Scientists trace objects behind a wall using WiFi signals

Scientists develop an approach which uses WiFi signals to trace still objects.
Sejal Sharma
Apartment with transparent walls
Apartment with transparent walls


WiFi can read through the walls. A team of researchers has developed a new method that can replicate the image of a still object from behind a wall using WiFi. Does this mean we can spy on our neighbors next door? Quite unlikely.

Sensing moving things using WiFi signals has shown promise; there’s a challenge in doing the same for non-moving objects because they lack motion, enabling calls to track them, explain the researchers in the press release.

To overcome this challenge, researchers used still objects - English alphabets - to trace their edges. Their approach, Wiffract, uses the radio waves of off-the-shelf WiFi transceivers to carry out this experiment.

How did they do it?

Wiffract was developed using Joseph Keller’s Geometrical Theory of Diffraction (GTD), which exploits signatures that edges leave on the receiver grid. When a wave strikes an edge, a cone of outgoing waves emerges, referred to as a Keller cone, according to the GTD. This interaction not only applies to visibly sharp edges but also to all surfaces. The researchers installed a received grid in the vicinity of the edge. The rays leave different signatures on the receiver grid, which the researchers have used to define the image they were tracking.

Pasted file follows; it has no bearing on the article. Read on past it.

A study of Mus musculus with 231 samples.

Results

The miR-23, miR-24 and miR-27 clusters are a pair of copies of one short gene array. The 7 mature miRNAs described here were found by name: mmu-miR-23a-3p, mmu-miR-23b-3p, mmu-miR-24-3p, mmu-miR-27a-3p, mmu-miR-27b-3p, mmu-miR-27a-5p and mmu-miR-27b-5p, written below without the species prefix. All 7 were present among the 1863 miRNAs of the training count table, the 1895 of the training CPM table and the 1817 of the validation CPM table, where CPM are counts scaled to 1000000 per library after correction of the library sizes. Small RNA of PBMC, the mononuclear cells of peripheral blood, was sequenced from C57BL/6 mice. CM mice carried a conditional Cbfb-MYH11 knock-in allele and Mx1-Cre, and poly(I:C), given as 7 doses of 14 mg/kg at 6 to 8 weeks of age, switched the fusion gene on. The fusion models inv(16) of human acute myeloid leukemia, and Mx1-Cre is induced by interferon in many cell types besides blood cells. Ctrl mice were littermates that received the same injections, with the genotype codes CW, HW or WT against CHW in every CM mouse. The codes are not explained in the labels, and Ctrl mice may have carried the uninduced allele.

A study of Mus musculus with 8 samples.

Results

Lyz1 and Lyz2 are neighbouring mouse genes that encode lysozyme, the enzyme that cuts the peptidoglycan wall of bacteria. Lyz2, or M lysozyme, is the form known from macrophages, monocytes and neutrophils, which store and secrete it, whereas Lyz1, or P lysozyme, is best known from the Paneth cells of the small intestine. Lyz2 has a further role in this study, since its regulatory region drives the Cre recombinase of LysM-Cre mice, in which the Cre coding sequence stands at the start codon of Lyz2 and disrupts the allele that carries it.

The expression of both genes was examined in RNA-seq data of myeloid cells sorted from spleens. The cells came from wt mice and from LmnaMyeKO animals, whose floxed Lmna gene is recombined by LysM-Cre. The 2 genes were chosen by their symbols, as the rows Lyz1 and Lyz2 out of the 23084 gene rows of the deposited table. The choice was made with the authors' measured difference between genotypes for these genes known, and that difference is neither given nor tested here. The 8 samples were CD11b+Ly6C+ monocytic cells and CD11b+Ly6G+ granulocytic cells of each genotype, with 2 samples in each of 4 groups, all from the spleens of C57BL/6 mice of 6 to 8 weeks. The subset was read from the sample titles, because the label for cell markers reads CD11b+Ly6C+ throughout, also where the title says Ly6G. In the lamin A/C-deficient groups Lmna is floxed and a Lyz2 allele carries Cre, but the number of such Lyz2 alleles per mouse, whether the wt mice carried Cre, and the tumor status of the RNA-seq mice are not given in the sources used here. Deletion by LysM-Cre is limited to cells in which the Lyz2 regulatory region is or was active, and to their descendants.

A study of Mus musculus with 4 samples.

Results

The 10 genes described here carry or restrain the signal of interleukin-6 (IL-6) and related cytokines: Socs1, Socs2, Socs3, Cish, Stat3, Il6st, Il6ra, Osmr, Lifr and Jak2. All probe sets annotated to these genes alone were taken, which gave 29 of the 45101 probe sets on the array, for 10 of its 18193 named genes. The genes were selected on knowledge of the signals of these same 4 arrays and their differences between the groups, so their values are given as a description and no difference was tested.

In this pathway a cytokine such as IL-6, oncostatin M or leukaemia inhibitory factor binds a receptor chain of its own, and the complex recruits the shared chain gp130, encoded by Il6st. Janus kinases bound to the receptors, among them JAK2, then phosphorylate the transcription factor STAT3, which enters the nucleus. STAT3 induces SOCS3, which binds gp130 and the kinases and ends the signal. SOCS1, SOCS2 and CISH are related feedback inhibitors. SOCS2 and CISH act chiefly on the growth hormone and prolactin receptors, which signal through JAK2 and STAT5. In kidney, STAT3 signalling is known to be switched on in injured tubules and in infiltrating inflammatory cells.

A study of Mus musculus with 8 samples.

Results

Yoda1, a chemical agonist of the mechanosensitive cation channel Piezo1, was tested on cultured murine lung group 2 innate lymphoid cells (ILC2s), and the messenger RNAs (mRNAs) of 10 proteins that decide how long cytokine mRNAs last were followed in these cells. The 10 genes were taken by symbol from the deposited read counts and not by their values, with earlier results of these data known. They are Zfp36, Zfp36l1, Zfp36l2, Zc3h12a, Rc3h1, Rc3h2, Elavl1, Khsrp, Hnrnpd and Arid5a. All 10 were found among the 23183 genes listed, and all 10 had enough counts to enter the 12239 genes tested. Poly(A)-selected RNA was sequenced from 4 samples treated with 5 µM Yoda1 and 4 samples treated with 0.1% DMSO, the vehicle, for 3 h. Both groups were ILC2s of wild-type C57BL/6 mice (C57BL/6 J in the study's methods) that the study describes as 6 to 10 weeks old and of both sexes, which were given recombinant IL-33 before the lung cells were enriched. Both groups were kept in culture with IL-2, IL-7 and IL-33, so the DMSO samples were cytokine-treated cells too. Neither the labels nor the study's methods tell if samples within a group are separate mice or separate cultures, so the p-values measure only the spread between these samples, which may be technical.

“We then develop a mathematical framework that uses these conic footprints as signatures to infer the orientation of the edges, thus creating an edge map of the scene,” said Yasamin Mostofi, UC Santa Barbara professor.

This enabled the first demonstration of WiFi imaging (or reading) the English alphabet through walls.

Writings on the wall

The team placed the letters of the word "BELIEVE" behind a wall (one by one) for the WiFi to read. The final imaging results for the term showed that it was imaged well. “Not only is it easy to identify the letters, but also the details of the letters are imaged well. Overall, Wiffract has enabled WiFi to read through walls for the first time,” said the researchers.

The team ran 30 experiments for imaging uppercase English letters. Their approach was able to capture the details of the letters pretty well. 

Once the image is formed, the researchers can further improve the appearance by using image completion tools from the area of vision. Different applications of Wiffract include crowd analytics, person identification, innovative health, and smart spaces.

“It is worth noting that traditional imaging techniques result in poor imaging quality when deployed with commodity WiFi transceivers as the surfaces can appear near-specular at lower frequencies, thus not leaving enough signature on the receiver grid,” said Anurag Pallaprolu, the lead Ph.D. student on the project.